But with the NFL draft just two days away, the 2013 Butkus Award winner is ready for anything.
"I heard a lot from the Bills, and the Ravens. But I had a lot more visits," Mosley said. "At the end of the day, guys don't know where they're going to go. The only people who really know are the teams. You have to sit it out and just wait. You might get picked by a team you didn't even talk to much, you might get traded for."
Buffalo figures to be in a far better position to draft Mosley than Baltimore, and not simply because they pick higher in the first round. The Bills hold the No. 9 overall pick in the draft, while Baltimore owns the No. 17 pick. Both could use some help at the linebacker position, but Baltimore's shot at Mosley could require some good draft-day fortune.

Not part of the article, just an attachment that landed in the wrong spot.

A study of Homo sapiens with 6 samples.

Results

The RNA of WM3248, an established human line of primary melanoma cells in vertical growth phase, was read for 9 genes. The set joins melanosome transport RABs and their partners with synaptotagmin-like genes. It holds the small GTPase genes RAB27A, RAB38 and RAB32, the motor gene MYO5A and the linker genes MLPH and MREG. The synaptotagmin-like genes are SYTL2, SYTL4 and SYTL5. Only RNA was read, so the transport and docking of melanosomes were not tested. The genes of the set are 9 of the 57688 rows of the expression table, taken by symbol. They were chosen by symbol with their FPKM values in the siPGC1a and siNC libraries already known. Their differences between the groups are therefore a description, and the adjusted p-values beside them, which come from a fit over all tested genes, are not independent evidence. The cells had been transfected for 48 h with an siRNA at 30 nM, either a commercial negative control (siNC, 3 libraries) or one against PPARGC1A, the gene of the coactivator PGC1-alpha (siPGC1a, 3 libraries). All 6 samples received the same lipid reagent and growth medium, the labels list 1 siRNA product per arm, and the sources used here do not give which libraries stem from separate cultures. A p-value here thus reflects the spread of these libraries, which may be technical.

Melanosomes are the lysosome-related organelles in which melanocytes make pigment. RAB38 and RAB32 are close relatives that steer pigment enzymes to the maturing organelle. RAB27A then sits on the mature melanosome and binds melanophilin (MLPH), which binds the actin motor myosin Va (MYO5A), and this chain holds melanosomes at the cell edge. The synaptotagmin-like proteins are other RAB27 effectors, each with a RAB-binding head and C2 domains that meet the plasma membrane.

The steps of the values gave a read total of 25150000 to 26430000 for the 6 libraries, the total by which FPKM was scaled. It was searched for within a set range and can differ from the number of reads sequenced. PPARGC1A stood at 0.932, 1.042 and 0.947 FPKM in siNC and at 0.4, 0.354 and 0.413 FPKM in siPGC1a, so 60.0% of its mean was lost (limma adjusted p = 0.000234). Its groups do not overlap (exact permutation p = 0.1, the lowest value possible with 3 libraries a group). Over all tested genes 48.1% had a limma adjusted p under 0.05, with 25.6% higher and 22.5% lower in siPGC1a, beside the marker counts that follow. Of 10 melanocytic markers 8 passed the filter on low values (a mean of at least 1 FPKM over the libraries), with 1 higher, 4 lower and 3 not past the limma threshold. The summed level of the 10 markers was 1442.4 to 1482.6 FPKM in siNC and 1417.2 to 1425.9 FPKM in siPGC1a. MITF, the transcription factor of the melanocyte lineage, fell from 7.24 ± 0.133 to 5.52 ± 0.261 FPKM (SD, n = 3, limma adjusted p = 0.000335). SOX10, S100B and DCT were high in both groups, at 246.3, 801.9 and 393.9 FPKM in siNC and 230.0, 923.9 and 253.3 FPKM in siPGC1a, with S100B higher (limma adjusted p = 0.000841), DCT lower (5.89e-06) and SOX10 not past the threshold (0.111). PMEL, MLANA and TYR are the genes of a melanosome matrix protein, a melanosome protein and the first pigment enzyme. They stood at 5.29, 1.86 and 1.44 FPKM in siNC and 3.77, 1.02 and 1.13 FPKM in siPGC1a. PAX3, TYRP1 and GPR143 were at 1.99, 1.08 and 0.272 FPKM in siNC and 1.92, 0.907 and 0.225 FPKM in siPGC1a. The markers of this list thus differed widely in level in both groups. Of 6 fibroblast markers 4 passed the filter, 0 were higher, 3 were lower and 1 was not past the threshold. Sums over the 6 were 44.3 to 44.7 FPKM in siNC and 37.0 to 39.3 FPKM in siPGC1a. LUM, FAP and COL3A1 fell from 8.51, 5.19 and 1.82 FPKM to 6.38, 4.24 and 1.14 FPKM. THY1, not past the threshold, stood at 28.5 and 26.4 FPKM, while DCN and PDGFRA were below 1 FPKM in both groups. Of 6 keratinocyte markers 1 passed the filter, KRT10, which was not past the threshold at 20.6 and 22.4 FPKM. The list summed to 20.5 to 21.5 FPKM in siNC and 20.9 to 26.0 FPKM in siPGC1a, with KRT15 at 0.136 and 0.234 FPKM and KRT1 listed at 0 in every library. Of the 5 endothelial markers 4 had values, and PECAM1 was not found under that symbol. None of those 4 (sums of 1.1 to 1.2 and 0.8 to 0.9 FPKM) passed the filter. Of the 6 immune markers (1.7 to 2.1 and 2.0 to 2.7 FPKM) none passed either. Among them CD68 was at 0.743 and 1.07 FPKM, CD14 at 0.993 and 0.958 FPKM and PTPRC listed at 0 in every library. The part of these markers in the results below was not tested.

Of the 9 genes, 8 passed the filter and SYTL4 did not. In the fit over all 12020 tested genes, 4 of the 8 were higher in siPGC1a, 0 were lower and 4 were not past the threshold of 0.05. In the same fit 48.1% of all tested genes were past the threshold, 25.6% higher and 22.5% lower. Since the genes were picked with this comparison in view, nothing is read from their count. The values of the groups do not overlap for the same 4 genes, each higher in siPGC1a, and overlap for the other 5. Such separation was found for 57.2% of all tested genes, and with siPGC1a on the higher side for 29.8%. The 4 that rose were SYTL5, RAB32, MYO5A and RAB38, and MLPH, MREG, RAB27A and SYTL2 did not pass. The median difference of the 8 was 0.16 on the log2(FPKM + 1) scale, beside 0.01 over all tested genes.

Ravens general manager Ozzie Newsome was clear about his team's need for an inside linebacker, and Mosley is considered the draft's best at the position by a wide margin. But Newsome also pointed out that with four of the club's eight draft picks being of the compensatory variety, the Ravens have limited flexibility to trade up in the draft. Compensatory picks, by rule, can't be traded.
That means for Mosley to end up in Baltimore's lap, he'll likely have to fall there. Past the Minnesota Vikings, whom NFL Media analysts Daniel Jeremiah and Charles Davis project to draft Mosley No. 8 overall, past Buffalo at No. 9, and past any other club drafting in the interim before the Ravens get their chance. NFL Network's Charley Casserly, the former Washington Redskins and Houston Texans general manager, believes it can happen.